Indy 500 practice: Rahal thought he'd crash 'different animal' car

Thursday's Indianapolis 500 practice pacesetter Graham Rahal says he could have crashed just like JR Hildebrand did because IndyCar's "different animal" 2018 car makes finding the limit difficult

Indy 500 practice: Rahal thought he'd crash 'different animal' car

Rahal bounced back from a difficult Wednesday to top the following day's practice session after an early qualifying lap simulation.

Hildebrand had the first on-track accident of the week on Thursday when he ran high out of Turn 3 and collided with the outside wall at Turn 4, sustaining minor damage.

Rahal said he could have had a similar incident to Hildebrand's on multiple occasions.

"I can't tell you how many times I thought I was going to be in that scenario today [Thursday] where the right front tyre is so overworked, you have so much slip angle in it, it just gives up," he said.

"When it gives up, it's like ice and then bang, you hit a kerb. You turn in to a neighbourhood, it doesn't turn. We've all done it. That's exactly what it feels like.

"It's difficult because you don't know what a fine line is. Sometimes it's slide, slide, slide, then OK. Other times it never comes back.

"I think the further back you are [in the race], you have to hang on. These cars, you have to drive the you-know-what out of them.

"The rear is sliding around, the front is pushing. It's not pretty, that's for sure.

"But the one thing it does do, if you do get a tow, it is massive. When you get 10 car lengths back, the acceleration rate is unbelievable.

"Takuma [Sato] and I were even joking about it. 'Do you want to lead the last lap or not?'

"Where do you place yourself if you're in that position in the race? I don't know. If you're leading, you could be in trouble."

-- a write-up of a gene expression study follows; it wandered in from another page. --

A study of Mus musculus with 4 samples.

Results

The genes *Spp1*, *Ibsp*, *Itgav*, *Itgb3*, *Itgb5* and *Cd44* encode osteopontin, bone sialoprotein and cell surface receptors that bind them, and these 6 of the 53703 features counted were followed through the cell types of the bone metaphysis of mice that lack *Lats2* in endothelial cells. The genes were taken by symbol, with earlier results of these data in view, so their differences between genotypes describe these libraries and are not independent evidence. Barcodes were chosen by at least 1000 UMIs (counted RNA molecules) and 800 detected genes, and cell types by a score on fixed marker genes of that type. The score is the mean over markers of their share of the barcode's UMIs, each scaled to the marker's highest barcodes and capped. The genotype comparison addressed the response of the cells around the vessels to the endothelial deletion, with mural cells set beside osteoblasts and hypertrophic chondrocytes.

Rahal said the new car package is dramatically different to how the manufacturer aerokits behaved.

"A lot of it is trying to understand the way that it wiggles," he said. "It sounds ridiculous, but it's true.

"We're used to the old car. This car is a different animal.

"Understanding the front wing, what angle does it work at, what angle does it stall at, the end fences, all of this stuff is so new, just to try to make it work is a bit of a chore."

Tony Kanaan, who was second in Thursday's practice, said the car is completely different to its predecessor in traffic.

"It's a whole different beast," said Kanaan. "If you see how many people did long runs this week, I think [it] is the most that we've done in a long time.

"I won't worry about qualifying until tomorrow [Friday], because everybody is really concerned how these cars are going to race as far as downforce, how we're going to run in traffic.

"Running in a pack like this, it's not as representative as the race. Sometimes you have people trying to back off and let you by."